SvenNYC  Offline
Joined: Aug 2002
Posts: 1,691
New York City
Anyone have the slightest idea of how long one of these things is supposed to last?

I know they're for temporary use only. The one in my room has been there for two years.

It literally shorted itself out yesterday...looked like carbon tracks in the phenolic insulator disk that holds the center contact in place away from the outer screw shell... Thank goodness for working circuit breakers). [Linked Image]

Work Gear for Electricians and the Trades

#28624 - 08/25/03 08:04 PM Re: Life expectancy of a rubber pigtail lampholder  
iwire  Offline
Joined: Jan 2003
Posts: 4,391
North Attleboro, MA USA
Well these are the limits on temporary wiring in general, I have know idea what the designed life span of a rubber socket is.

During the Period of Construction,


90 Days for holiday decorative lighting and similar purposes


Emergencies and Tests

[This message has been edited by iwire (edited 08-25-2003).]

Bob Badger
Construction & Maintenance Electrician

#28625 - 08/25/03 11:54 PM Re: Life expectancy of a rubber pigtail lampholder  
Pinemarten  Offline
Joined: Aug 2003
Posts: 123
Edmonton, AB, Canada
In Canada we use them for permanent lighting in small areas such as crawl spaces. I have installed them protruded through a 1/2" knockout/w bushing in a regular octagon light box. The inspectors didn't seem to have a problem with it.
When something bumps them they just swing away. A cage, called for according to our 'under 7 foot' code rule would just get smashed, bulb and all, in a similar situation.
They should last as long as a regular fixture, but make sure your bulb wattage is low. As with any other fixture, I assume there is a max rating for them.

#28626 - 08/26/03 09:27 AM Re: Life expectancy of a rubber pigtail lampholder  
SvenNYC  Offline
Joined: Aug 2002
Posts: 1,691
New York City
Thanks guyz.

I was using a 60 watt/130 volt household bulb. That shouldn't have cause a problem...should it? I've seen 100 watt bulbs in the strings used in construction sites. If I remember correctly, the lampholder was rated for 600 volts/660 watts (anyone ever seen a 660 watt bulb?)

The pigtail wasn't supposed to stay up this long -- it was originally connected when the defective fixture was removed and prior to painting the place. That's when I discovered the brittle wires (insulation was intact but brittle and hard).

I decided to leave that thing in place instead of disturbing the wires any more until I replaced EVERYTHING (there goes the nice paintjob).

But you know how it is with temporary things.... [Linked Image] -- wish I wasn't short of money right now.... [Linked Image]

[This message has been edited by SvenNYC (edited 08-26-2003).]

#28627 - 08/26/03 07:45 PM Re: Life expectancy of a rubber pigtail lampholder  
CanadianSparky  Offline
Joined: Mar 2001
Posts: 85
Alberta Canada
Quick question, whats everyone paying for these right now? I'm in the same boat as pinemarten, exact same use.

#28628 - 08/26/03 10:07 PM Re: Life expectancy of a rubber pigtail lampholder  
SvenNYC  Offline
Joined: Aug 2002
Posts: 1,691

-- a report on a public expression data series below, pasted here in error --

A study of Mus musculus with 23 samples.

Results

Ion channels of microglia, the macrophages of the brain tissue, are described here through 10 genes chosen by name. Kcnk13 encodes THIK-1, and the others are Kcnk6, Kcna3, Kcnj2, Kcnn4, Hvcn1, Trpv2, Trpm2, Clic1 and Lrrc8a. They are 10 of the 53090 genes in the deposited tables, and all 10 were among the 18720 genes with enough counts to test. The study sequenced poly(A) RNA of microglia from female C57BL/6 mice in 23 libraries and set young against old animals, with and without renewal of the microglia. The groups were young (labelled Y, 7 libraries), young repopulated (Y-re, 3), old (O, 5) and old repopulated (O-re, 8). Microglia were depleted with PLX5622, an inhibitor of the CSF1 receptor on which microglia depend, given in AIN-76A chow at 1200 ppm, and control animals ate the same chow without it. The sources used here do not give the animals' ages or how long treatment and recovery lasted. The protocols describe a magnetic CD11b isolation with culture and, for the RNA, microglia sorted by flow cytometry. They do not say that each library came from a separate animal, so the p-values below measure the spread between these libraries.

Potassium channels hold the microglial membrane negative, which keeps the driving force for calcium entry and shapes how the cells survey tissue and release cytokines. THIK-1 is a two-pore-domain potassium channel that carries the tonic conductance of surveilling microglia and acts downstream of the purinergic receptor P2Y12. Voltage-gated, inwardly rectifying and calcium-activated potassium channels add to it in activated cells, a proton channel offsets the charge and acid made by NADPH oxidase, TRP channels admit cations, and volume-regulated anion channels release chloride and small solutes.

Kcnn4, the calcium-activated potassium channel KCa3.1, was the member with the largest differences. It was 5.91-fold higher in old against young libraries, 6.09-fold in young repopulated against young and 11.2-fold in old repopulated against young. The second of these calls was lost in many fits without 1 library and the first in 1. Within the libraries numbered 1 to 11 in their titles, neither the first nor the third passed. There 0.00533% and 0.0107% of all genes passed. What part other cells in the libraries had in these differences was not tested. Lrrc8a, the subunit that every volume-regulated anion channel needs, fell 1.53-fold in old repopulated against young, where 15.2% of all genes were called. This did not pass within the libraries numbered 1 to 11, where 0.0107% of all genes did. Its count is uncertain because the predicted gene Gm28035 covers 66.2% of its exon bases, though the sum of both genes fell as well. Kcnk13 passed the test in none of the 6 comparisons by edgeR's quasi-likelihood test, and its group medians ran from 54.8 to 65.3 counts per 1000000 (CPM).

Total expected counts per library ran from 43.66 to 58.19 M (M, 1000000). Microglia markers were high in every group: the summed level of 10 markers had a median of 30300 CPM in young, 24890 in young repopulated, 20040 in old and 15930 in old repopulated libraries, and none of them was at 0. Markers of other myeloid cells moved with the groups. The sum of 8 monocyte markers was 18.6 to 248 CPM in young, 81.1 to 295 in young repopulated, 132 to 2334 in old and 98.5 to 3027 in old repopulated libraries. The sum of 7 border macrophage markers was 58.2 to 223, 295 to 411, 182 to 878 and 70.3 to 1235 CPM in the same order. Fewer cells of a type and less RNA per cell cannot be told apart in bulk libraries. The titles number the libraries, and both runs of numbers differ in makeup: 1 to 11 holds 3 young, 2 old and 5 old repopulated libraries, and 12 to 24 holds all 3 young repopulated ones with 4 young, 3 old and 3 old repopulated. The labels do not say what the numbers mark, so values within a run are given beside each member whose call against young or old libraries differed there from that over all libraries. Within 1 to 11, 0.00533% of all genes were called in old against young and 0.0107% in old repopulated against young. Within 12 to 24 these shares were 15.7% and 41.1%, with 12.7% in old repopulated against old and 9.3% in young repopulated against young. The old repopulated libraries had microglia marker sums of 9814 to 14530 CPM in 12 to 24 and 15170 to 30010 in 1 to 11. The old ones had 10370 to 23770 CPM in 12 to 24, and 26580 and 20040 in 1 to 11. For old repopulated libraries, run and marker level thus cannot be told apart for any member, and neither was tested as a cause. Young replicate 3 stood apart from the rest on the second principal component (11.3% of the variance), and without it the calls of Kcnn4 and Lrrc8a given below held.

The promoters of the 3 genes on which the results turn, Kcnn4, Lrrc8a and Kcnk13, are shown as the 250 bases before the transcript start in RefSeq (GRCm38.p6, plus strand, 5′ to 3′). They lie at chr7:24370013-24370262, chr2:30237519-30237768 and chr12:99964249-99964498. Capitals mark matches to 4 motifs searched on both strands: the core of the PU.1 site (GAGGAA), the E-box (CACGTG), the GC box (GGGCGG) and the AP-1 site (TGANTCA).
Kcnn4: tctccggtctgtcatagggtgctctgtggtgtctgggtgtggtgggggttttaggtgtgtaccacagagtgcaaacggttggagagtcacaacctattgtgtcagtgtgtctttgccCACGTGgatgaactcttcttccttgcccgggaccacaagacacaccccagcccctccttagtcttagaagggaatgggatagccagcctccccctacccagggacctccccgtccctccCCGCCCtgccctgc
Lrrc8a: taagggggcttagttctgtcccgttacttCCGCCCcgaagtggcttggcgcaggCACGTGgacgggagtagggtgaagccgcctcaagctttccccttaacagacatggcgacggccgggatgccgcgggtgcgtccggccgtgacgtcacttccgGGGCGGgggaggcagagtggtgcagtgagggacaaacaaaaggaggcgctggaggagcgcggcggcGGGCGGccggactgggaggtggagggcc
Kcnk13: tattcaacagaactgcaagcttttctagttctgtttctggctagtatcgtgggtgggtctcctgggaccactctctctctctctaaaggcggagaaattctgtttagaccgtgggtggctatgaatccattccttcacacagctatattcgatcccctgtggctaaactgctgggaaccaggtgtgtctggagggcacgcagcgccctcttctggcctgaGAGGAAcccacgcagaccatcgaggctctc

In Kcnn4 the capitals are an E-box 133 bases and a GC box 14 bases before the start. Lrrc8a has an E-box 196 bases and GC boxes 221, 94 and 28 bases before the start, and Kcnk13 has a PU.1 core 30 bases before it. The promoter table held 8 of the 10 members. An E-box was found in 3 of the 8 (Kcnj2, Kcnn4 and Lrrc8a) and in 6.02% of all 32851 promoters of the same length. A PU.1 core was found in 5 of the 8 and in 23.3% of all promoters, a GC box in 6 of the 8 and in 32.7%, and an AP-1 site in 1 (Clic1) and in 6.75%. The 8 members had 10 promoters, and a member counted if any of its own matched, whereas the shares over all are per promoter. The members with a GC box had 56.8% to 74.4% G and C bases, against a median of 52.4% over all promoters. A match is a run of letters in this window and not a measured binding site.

New York City
Yesterday I called up my kid brother from work and asked him to go to a real electrical supply house near his neighborhood to pick up two new ones (UL listed and mfg by West Port Mfg. in USA).

He paid US$1.25 for each and they appear to be made out of vinyl instead of vulcanized rubber. Construction seems decent...except they use 16AWG TFF stranded instead of the usual 14AWG stranded for the pigtails.

The cheap-cheezey (non-UL) listed black rubber sockets from China that I see in hardware stores across town are $2 and change. I think I saw one place selling them for $2.79 ( [Linked Image] )

There's one company (Cooper, I believe) that makes them out of BAKELITE! I've been trying to score one...but no luck, so far -- two of the supply houses I called don't carry those -- one doesn't even carry any type of lampholder.

These bakelite ones are the ones used normally in making those lighting strings I mentioned for use in the subway during construction.

Today I was in a job-lot surplus store that was selling Mexican Leviton rubber sockets for like US$2.50 or so.

#28629 - 08/27/03 11:48 AM Re: Life expectancy of a rubber pigtail lampholder  
mamills  Offline
Joined: Nov 2001
Posts: 745
Wharton, Texas, USA
Sven: In an old house where I used to live many years ago, the entire service entrance consisted of a 60a. 240 volt safety switch (with a-base meter above, of course) and two of those bakelite sockets connected to the load lugs at the bottom of the switch, along with conductors to feed an electric range. The sockets simply laid inside on the bottom of the switch box, and each one contained a 30a. fuse for the two 120v. lighting circuits(neat, huh... [Linked Image] ). I changed the fuses to 15 amp., then had the entire house rewired shortly thereafter. I'm guessing that those bakelite sockets had been there since about 1940 or so. They seemed to be in reasonably good condition, save the brittle rubber-covered conductors from the excessive heating.

Mike (mamills)

[This message has been edited by mamills (edited 08-27-2003).]

#28630 - 08/27/03 04:48 PM Re: Life expectancy of a rubber pigtail lampholder  
classicsat  Offline
Joined: Nov 2002
Posts: 456
They are used in barns also, we have a couple of the 1950s ones still in service.

I have also seen them used as fuseholders for pole mounted light fixtures.

#28631 - 08/27/03 05:30 PM Re: Life expectancy of a rubber pigtail lampholder  
SvenNYC  Offline
Joined: Aug 2002
Posts: 1,691
New York City
So have I. I don't believe they're listed for use as fuseholders.

Apparently fuseholders must have the amperage rating stamped on them. Lampholders have wattage ratings on them.

Has anyone seen a pigtail with amp ratings on them? I've only seen them labelled 600 or 250 volts/660 watts.